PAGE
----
By Alexandra Newmarch, Provisional Psychologist and Chiu Lau, Principal Psychologist.
What Is Play Therapy?
Play Therapy is a specialist form of, or approach to, therapy that has been specially designed for working with kids. It is built upon two principles:
- Play is the natural language of children
- Play has enormous therapeutic value
It can be difficult to get a direct answer to a question around the child’s worries, fears, or frustrations – sometimes because the child doesn’t have the words or the concepts to express it, sometimes because they don’t even know. But most children can play, and their play tells us a lot.
Children instinctively use play to process what’s happened to them, or what they have seen. They ‘play it out’, in the same way that an adult might ‘talk it out’. For example, a child who is in a car accident might use their own toy cars to re-enact the accident over and over again as they try to make sense of the experience. In the therapy-room, the therapist comes alongside the child as they use the toys to think about their challenges, problems, and experiences.
The Play Therapist will have a ‘tool kit’ of toys and materials that the child will be able to use and play with. This commonly includes things like art, music, puppets, dramatic play, storytelling and sand play. The things that the child does gives the therapist information for what’s going on for them, but the main therapy occurs as the child works out their problems through play. Everything that is done in the therapy-room has meaning, and sometimes this will be engaged with directly, and sometimes indirectly. But either way, the child is doing important work, and change will happen.
Does Play Therapy work?
In a word, yes! There is an increasing body of research (lots of it from the UK) showing substantial improvements in children who have received Play Therapy. Sometimes, it takes a while to see improvement. Play Therapy is rarely a quick-fix to a problem, because it moves at the child’s pace, and seeks long-term, enduring change. Sometimes, things can even look worse before they look better. It’s like tidying a kid’s messy bedroom. Often, you end up making more mess, before everything gets sorted out.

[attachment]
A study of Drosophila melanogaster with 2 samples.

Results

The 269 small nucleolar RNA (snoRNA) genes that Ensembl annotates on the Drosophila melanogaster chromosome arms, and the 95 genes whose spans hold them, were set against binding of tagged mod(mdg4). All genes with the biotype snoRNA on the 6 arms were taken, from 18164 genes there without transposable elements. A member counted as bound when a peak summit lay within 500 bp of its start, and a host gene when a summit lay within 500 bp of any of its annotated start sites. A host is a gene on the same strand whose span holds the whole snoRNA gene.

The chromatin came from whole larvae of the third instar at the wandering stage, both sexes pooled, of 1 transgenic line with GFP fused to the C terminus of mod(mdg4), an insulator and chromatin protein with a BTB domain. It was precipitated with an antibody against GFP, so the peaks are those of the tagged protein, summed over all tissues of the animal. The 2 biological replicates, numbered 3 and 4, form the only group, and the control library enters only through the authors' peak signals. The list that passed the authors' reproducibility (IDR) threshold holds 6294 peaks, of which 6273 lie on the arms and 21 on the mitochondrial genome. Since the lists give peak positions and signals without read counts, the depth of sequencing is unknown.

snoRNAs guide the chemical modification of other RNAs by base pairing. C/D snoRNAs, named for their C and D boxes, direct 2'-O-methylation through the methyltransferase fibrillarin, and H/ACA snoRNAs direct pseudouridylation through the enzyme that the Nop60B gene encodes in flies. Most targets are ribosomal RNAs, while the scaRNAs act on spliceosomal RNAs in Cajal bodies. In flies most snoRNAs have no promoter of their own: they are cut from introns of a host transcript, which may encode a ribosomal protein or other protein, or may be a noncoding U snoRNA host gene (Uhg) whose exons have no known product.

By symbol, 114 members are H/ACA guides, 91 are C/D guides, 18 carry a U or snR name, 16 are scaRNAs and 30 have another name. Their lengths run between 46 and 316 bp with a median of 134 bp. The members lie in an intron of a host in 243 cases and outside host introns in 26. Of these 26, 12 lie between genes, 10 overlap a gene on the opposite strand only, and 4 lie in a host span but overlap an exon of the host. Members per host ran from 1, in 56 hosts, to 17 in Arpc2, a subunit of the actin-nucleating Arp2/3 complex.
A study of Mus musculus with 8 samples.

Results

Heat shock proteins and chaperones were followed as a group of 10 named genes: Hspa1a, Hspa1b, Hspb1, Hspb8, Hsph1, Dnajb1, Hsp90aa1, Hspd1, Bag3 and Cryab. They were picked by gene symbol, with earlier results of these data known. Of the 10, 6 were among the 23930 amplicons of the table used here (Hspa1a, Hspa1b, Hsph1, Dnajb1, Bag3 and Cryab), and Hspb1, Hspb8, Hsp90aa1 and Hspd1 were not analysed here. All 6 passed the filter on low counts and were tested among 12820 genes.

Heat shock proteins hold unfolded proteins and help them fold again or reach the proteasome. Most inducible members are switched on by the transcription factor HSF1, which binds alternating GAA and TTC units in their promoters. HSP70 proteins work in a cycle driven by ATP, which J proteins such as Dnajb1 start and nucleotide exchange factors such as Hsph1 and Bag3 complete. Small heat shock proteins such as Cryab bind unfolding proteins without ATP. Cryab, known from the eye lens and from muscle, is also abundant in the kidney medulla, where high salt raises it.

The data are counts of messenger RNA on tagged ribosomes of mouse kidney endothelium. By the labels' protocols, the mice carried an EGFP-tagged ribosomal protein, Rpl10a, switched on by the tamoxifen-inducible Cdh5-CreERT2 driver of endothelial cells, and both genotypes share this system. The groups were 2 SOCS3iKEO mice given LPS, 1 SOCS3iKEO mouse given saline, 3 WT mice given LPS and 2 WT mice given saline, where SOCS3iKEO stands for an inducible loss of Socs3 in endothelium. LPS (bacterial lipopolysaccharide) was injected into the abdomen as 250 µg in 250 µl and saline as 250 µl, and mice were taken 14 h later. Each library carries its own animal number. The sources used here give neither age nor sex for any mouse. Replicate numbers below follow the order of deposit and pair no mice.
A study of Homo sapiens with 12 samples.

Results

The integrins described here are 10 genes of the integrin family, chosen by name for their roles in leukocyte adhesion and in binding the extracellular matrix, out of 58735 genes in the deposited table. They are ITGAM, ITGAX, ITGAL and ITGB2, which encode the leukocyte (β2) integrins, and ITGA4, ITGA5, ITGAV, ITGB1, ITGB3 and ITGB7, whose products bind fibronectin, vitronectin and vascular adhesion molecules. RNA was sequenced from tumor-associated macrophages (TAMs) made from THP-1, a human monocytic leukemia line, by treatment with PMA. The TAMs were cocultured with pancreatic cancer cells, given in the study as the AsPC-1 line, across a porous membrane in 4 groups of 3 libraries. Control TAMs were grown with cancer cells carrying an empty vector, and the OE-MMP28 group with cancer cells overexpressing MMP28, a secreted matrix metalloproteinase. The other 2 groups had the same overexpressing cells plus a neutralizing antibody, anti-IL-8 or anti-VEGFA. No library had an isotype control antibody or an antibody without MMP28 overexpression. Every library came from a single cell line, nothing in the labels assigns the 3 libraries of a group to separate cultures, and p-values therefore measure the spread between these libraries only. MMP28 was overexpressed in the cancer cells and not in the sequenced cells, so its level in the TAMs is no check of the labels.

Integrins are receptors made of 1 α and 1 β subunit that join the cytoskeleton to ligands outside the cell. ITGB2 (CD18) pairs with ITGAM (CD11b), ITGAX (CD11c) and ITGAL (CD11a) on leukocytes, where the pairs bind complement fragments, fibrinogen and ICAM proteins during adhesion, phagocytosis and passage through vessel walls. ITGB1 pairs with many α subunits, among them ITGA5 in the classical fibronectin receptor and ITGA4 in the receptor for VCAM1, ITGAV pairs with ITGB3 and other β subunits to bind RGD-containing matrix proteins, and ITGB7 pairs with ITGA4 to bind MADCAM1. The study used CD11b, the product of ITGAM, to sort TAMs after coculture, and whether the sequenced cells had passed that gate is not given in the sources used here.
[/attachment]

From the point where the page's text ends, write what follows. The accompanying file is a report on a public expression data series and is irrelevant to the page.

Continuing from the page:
Why/When Might Your Child Need It?
Play Therapy is helpful for children experiencing a wide range of behavioural, emotional, and social problems, such as anger, anxiety, bullying, trauma, grief, and parental separation/divorce. It is typically used for children between the ages of about three and twelve, although the techniques (especially art and sand play) and principles can be used with older children too, in slightly different ways.
What Happens In Sessions?
It’s up to the child! The therapist creates a warm, friendly environment where the child feels accepted just as they are, where they are free to choose what they want to do or talk about. The therapist reflects back the themes and content of child’s play and conversation to help the child gain insight. The child leads the way, and the therapist follows where they lead, providing a safe anchor to reality. Limitations are minimal, revolving around the need to keep the child, therapist, and toys safe/unbroken.
Children generally gravitate towards their interests, and the mediums that help them to express what they want the therapist to know, and what will help them to heal. Some therapists may incorporate worksheets and exercises into the therapy to target specific issues or problems. Some therapists don’t. In the same way that the things an adult does or says in their therapy session are kept confidential, so too are the things a child says, does, or makes. Generally, the therapist will try and have check in sessions over the course of the therapy to talk about how the child is progressing, how the parent is going, and perhaps some techniques and strategies that the parents can use at home.
- Play Therapy is a specialist form of therapy for kids to help them express and “play out” the difficulties they’re experiencing
- Play Therapy is led by the child
- The Play Therapist provides the child with toys to use, and a warm, caring, safe environment
- Change tends to be slow but enduring
Feature image courtesy of Flickr, shyb.